The Aye-Aye – A Weird and Endangered Animal

Meet the Aye-Aye (Daubentoniamadagascariensis)

If you shaved an aye-aye and stood him on his hind feet, he would look very much like “Gollum,” the J. R. R. Tolkien character from Lord of the Rings.

This strange little creature from Madagascar has amazingly long fingers on his hands (yes, he’s a primate), and huge eyes for hunting his food at night.

There is only one species of aye-aye now living, although a much larger one lived in the past but is now extinct. Many scientists and citizen’s groups are now working hard to save this animal, which was once considered to be one of the rarest mammals on Earth.

aye-ayeLike the cat during the European Middle Ages, the aye-aye is thought to be an evil creature, and for this reason it is traditionally shot on sight by the human citizens of Madagascar. Unlike the cat, who could survive it’s persecution because of it’s large numbers and wide range, the aye-aye lives only on it’s island, and cannot easily regenerate it’s numbers.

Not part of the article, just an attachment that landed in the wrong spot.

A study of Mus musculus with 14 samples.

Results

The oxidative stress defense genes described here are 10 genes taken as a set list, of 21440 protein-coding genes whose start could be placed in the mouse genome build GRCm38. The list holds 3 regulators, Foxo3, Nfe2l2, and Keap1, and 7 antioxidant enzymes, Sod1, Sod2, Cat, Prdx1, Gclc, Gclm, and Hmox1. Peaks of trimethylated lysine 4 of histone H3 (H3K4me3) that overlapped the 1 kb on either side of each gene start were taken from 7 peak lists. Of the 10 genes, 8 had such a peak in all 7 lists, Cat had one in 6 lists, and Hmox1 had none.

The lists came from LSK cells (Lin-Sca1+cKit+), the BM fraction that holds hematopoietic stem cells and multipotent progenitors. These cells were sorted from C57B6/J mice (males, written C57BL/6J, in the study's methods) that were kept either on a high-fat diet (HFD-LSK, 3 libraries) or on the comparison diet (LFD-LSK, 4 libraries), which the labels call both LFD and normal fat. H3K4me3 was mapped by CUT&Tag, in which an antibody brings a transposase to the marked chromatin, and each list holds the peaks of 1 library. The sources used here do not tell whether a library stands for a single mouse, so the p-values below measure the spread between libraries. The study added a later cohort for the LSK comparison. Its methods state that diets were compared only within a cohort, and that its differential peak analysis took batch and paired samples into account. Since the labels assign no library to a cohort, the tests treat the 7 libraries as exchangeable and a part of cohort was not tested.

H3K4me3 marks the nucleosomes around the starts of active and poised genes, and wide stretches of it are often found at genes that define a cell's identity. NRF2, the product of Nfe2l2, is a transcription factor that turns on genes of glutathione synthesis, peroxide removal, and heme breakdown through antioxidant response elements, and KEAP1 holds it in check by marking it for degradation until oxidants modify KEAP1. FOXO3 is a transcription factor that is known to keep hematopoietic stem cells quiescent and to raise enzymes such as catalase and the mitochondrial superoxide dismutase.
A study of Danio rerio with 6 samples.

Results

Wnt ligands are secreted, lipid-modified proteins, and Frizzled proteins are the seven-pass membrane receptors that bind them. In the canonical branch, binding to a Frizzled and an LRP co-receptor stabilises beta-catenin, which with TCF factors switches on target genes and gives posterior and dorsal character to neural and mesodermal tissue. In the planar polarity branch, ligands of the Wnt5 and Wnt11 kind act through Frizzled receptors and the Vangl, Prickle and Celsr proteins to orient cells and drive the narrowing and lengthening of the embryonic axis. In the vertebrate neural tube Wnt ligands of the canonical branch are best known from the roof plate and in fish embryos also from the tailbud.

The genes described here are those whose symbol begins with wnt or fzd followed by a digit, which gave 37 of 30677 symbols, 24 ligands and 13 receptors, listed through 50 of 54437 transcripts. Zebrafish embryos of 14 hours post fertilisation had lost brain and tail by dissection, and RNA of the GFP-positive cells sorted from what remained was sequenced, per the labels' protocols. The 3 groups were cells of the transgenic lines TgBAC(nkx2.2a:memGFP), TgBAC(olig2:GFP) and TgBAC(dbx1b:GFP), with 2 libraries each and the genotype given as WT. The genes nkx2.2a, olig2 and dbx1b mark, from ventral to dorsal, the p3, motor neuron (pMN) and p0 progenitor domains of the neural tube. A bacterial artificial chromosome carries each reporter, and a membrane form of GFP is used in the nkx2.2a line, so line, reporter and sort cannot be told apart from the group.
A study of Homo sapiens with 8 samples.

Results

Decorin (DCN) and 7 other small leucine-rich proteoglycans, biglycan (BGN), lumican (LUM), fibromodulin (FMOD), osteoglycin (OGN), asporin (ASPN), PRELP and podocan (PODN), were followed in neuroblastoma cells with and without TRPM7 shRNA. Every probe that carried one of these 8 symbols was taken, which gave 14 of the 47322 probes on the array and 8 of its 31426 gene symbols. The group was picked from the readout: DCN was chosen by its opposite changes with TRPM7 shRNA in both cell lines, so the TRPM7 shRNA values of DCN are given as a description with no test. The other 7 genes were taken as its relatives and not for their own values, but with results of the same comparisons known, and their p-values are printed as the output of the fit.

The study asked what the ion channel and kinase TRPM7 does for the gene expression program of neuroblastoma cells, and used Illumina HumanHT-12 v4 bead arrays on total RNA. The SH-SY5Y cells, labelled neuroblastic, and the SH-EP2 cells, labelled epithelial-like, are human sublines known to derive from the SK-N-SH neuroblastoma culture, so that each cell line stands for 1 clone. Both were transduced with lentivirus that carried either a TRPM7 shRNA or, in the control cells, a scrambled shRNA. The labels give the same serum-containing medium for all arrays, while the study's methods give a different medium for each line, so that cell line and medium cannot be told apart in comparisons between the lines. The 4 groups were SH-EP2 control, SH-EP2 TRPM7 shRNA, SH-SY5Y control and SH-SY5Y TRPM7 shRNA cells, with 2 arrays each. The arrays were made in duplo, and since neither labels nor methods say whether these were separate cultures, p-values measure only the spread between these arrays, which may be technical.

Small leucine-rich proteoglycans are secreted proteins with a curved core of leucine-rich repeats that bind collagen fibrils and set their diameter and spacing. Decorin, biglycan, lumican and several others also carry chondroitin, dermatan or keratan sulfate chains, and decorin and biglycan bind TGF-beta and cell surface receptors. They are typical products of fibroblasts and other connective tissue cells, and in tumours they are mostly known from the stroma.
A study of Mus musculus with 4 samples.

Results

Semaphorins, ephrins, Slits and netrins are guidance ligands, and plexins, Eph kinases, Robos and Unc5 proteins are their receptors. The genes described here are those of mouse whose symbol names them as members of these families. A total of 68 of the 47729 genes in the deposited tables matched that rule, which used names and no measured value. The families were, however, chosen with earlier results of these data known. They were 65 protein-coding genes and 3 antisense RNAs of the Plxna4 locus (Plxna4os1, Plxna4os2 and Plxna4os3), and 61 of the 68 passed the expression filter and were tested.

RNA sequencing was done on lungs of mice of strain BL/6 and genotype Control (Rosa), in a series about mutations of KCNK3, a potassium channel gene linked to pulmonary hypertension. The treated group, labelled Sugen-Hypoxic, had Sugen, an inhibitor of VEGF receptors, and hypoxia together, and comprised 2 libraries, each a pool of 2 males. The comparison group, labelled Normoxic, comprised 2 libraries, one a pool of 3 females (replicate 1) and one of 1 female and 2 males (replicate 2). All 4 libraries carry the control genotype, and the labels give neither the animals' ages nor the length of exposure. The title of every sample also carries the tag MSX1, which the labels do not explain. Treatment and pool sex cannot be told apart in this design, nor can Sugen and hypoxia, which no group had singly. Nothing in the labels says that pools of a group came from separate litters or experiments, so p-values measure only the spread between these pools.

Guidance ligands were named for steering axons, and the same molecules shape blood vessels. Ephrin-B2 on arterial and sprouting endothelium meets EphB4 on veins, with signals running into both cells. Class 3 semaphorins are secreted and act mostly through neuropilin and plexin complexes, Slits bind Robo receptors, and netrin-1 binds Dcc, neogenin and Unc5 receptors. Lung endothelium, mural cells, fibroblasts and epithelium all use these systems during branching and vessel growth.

It is almost impossible to see the animals now because they are nocturnal and rare. It is even more difficult to start a successful breeding program in zoos.

When zoologists first studied this animal they were not sure what to call it – it has sharp, continuously growing front teeth like a rabbit or rat, and for this reason they thought the aye-aye might be a rodent. It has ears that belong on a bat, and a tail that belongs on a squirrel; it’s fingers don’t look like anything that you would expect to find on any animal at all. It is now know to be a lemur who lives in moist forests on the eastern side of Madagascar, eating insect larvae, ramy nuts, and some vegetation.

Aye-aye drawingTheir middle fingers are amazingly long and thin, and have been aptly described as “skeletal.” They use this long narrow finger for digging insect larvae from trees. They build nests high in the trees, but often come down and walk on all four limbs on the ground. The aye-aye will mate at any time of the year, and will nurse her young for about seven months..

Gerald Durrell, founder of the Wildlife Trust, wrote an engaging book called the Aye-aye and I, which tells about his experiences in Madagascar while studying and capturing several of these elusive critters for a breeding program. He describes the aye-aye this way: “a Walt Disney witch’s black cat with a touch of E.T. thrown in.”